VATICAN CITY, APRIL 1, 2010 (Zenit.org).- In his final hour, the Lord is asking each of us: Are you living in fellowship with me?
This was the reflection proposed by Benedict XVI in this evening’s Mass of the Lord’s Supper. The Pope considered three texts from Christ’s priestly prayer.
The last of the three is the one the Holy Father said is the “best-known petition of the priestly prayer”: the petition for the unity of the disciples, now and yet to come.
“What exactly is the Lord asking for?” the Pope considered.
“First,” he said, “he prays for his disciples, present and future. He peers into the distance of future history. He sees the dangers there and he commends this community to the heart of the Father.”
In this prayer, the Pontiff proposed, appear the essential elements of the Church: “the community of disciples who through the apostolic preaching believe in Jesus Christ and thus become one. Jesus prays for the Church to be one and apostolic.”
“This prayer, then, is properly speaking an act which founds the Church,” the Pope affirmed.
So the world believes
Benedict XVI also noted how the Lord twice prays “that this unity should make the world believe in the mission of Jesus.”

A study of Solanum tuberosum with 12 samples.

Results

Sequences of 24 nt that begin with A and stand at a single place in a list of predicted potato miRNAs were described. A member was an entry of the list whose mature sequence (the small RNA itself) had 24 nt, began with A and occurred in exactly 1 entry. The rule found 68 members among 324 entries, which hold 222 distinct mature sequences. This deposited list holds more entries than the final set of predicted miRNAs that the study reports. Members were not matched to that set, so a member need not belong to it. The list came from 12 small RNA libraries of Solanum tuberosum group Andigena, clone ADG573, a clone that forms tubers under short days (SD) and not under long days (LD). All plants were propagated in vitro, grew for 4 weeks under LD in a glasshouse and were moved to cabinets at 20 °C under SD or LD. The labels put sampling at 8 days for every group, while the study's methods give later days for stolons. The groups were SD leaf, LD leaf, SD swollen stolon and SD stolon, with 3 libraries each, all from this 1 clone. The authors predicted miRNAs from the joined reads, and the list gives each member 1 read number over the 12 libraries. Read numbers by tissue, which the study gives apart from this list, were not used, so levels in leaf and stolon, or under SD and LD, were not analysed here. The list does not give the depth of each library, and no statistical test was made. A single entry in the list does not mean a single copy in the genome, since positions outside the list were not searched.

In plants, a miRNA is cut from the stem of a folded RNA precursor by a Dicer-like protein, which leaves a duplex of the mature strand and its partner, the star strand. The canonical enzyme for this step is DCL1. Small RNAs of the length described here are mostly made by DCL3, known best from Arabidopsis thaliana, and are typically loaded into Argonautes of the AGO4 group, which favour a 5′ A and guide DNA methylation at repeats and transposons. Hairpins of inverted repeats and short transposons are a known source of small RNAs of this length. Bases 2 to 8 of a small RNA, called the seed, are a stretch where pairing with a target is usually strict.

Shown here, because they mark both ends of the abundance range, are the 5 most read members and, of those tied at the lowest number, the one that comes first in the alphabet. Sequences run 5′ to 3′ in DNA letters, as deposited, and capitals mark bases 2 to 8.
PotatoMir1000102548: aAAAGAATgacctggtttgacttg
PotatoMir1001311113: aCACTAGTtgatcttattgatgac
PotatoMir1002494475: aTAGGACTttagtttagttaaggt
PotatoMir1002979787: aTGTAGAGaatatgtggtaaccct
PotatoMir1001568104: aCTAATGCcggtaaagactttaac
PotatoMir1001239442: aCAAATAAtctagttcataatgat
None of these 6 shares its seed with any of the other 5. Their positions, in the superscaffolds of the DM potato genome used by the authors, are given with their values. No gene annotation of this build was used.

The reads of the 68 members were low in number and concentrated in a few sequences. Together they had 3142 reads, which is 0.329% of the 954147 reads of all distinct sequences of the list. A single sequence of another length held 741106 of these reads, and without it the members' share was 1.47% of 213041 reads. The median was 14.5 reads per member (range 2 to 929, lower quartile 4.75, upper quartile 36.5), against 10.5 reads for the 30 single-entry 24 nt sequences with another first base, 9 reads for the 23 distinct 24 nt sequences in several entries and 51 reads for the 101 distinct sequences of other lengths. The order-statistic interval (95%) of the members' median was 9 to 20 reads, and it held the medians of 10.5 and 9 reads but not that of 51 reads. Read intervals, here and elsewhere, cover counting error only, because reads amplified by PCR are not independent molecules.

“It must thus be a unity which can be seen,” he explained, ” a unity which so transcends ordinary human possibilities as to become a sign before the world and to authenticate the mission of Jesus Christ.”
This prayer gives the assurance that “the preaching of the Apostles will never fail throughout history; that it will always awaken faith and gather men and women into unity — into a unity which becomes a testimony to the mission of Jesus Christ,” the Pope said.
But, he added, the prayer is also a challenge to a “constant examination of conscience.”
He proposed: “At this hour the Lord is asking us: are you living, through faith, in fellowship with me and thus in fellowship with God? Or are you rather living for yourself, and thus apart from faith?
“And are you not thus guilty of the inconsistency which obscures my mission in the world and prevents men and women from encountering God’s love?”
The Holy Father said that part of Christ’s historical passion and his ongoing one is that “he saw, and even now continues to see, all that threatens and destroys unity.”
He encouraged the faithful in meditating on the passion to “also feel Jesus’ pain at the way that we contradict his prayer, that we resist his love, that we oppose the unity which should bear witness before the world to his mission.”
“At this hour, when the Lord in the most holy Eucharist gives himself, his body and his blood, into our hands and into our hearts, let us be moved by his prayer,” the Pontiff exhorted. “Let us enter into his prayer and thus beseech him: Lord, grant us faith in you, who are one with the Father in the Holy Spirit. Grant that we may live in your love and thus become one, as you are one with the Father, so that the world may believe.”